A Moroccan Palette: Arts from Marrakech to Tangier Highlights

April 16-26, 2015

APRIL 17:   To Marrakech

Travelers had a mid-morning pick up at Casablanca’s Hotel Tour Blanche and headed off to the legendary city of Marrakech. Travelers began their visit  with a presentation on the history of Marrakech in the shadow of the late 12th-century Koutoubia minaret, the symbol of the city and a “reference” of world Islamic art. From there they proceeded on a visit of the Saadian Tombs, the last window left into the splendor of early 17th-century Moroccan interior art, rich in marble and chiseled plaster. Next it was on to the Bahia Palace, a prime example of Moorish-Andalusian art before capping the day off by tapas and an open bar at the hotel.

APRIL 18:  Into the Souq & Majorelle Garden                               

In the morning, travelers explored Marrakech’s bazaars–the largest in the country! They started out crossing the residential quarters of the old city until they arrived at Ben Youssef Medersa, the largest of the theological schools built under the 14th-century Merinid Dynasty. Next door, they stopped at the Museum of Marrakech, housed in a former caïd’s palace, to admire with its eclectic collection of crafts and contemporary art.

After lunch at Bagatelle in the new city, travelers walked through the Majorelle Garden. The garden, twelve acres of botanical and artistic landscape, was restored with dedication by Yves Saint Laurent after he purchased it in the 1980’s, preserving its creator’s vision. Jacques Majorelle, who built the garden, wanted to include the influence of French and Moroccan in the arrangement of the flora. Nearby stands the new addition to the site: the Museum of Berber Culture.

Travelers concluded the evening with dinner accompanied by belly dance performers at the city’s number one bistro, the Comptoir.

APRIL 19:    Essaouira                                           

En route to Essauouria, travelers stopped at a local co-op to see how the regions’ precious Argan oil is manually extracted from the nuts of the indigenous Argan trees. Travelers enjoyed a full-day excursion West to the former maritime fortress and contemporary art center of Essaouira.  In the city, they toured the colorful port and the massive ramparts. After a lunch of fresh seafood, travelers were treated to a private reception at the foremost gallery for Essaouira’s naïve art movement.

APRIL 20:   Marrakech                                      

Travelers began their day with the El Badi Palace of the Saadian Dynasty. Then, they visited the private Dar Tiskwin Museum of Moroccan and sub-Saharan crafts, in the home of rural culture scholar Bert Flint. Dinner was held at a private reception in the garden home of a former US Ambassador.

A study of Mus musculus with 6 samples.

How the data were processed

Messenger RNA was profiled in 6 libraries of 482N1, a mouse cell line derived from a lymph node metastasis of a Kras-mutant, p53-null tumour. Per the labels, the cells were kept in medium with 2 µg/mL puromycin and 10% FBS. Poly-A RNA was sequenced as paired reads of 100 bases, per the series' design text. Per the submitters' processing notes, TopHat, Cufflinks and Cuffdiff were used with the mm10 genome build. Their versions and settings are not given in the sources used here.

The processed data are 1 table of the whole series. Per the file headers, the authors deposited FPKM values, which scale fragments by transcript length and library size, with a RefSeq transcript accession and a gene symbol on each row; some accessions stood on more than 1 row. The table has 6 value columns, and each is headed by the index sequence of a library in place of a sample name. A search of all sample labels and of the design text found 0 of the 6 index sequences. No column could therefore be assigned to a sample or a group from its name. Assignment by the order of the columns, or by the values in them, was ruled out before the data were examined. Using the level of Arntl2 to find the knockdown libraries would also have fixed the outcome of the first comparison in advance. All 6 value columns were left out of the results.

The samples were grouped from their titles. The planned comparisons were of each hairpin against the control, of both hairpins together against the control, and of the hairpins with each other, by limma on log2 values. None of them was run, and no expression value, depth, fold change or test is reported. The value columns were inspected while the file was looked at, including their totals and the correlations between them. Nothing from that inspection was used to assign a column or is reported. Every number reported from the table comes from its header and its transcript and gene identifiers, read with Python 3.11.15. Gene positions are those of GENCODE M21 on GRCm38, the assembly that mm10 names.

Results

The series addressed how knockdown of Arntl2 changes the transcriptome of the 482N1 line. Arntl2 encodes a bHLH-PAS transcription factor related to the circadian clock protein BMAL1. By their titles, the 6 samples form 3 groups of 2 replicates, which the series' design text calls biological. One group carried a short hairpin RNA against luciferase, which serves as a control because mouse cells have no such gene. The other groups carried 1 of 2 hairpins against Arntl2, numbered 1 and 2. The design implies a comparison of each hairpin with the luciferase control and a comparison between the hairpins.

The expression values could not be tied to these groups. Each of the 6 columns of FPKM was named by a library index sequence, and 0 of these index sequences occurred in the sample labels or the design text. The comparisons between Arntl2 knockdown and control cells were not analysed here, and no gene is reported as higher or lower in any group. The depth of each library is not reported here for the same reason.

APRIL 21:   The Celliers, cedars and to Fes                                      

Travelers drove to Chateau Roslane, Morocco’s largest winery, for lunch and a private tasting of its prime crus. They continued their drive Southeast into the Middle Atlas Mountains, where they journeyed into the heart of the last forest of giant Mediterranean cedars, hoping to see a band of the indigenous Barbary macaques. From there, it was back Northeast to the spiritual capital Fes, Morocco’s oldest Imperial City.

APRIL 22:   Fes

In Fes, an UNESCO World Heritage site, travelers were able to see what is considered the last true example of a medieval Arab city. They began with  “Old” Fes and followed the labyrinthine alleys to the Attarine Medersa. Then it was on to the mausoleum of the city’s founder Idriss II and the world’s oldest functioning university, Al Qarawïne. After lunch of local specialties within the medina, they continued to “New” Fes and could see the pottery workshops and zellige tiled mosaics. Dinner was at the Maison Blue.

APRIL 23:   Volubilis, Meknes & to Tangier

An early departure West for the vast ruins of Volubilis, Rome’s regional commercial hub until the 3rd C. CE, renowned for its numerous mosaics still in situ.  Next, former Imperial City Meknes, to see its astounding 17th-C. granary, meant to have fed the city’s population and the sultan’s 12,000(!) horses for up to a year-long siege (World Heritage Site), along with the Mansour Gate, Morocco’s largest. After lunch in the city proceed North 4 hrs to Tangier, the once den of intrigue on the Strait of Gibraltar. Continental dinner at the hotel.

HOTEL:  The historic El Minzah, built in the style of a parador in the center of the city, just above the Kasbah and Tangier port (2 nights).

APRIL 24:   Tangier 

Travelers walked to the Kasbah in the morning, seeing its rich produce markets and local wares, in addition to the American Legation Museum. They took lunch in a private home on Tangier’s famed Hill, which includes a beautiful seaside garden. From there travelers headed to the Malabata Cape, where they had a sweeping view of the city and could glimpse the coast of Spain across the Strait. Then, there was a reception at the city’s premier art gallery, showcasing both Tangier’s new wave of painters as well as Orientalist-style European artists.

APRIL 25:   Rabat

Travelers were transfered South to the capital Rabat, recently added to the World Heritage List. After a seafood lunch by the crashing waves of the Atlantic, they enjoyed a leisurely walk by Oudaya Kasbah. Then they saw Morocco’s only archeological museum, renowned for its Roman and prehistoric collections. They concluded their trip at the mausoleum of modern Morocco’s “father” Mohammed V.

APRIL 26:  Home-bound

A 1.5 hour transfer to Casablanca airport or a 30 minute transfer to Rabat airport for the home-bound flights.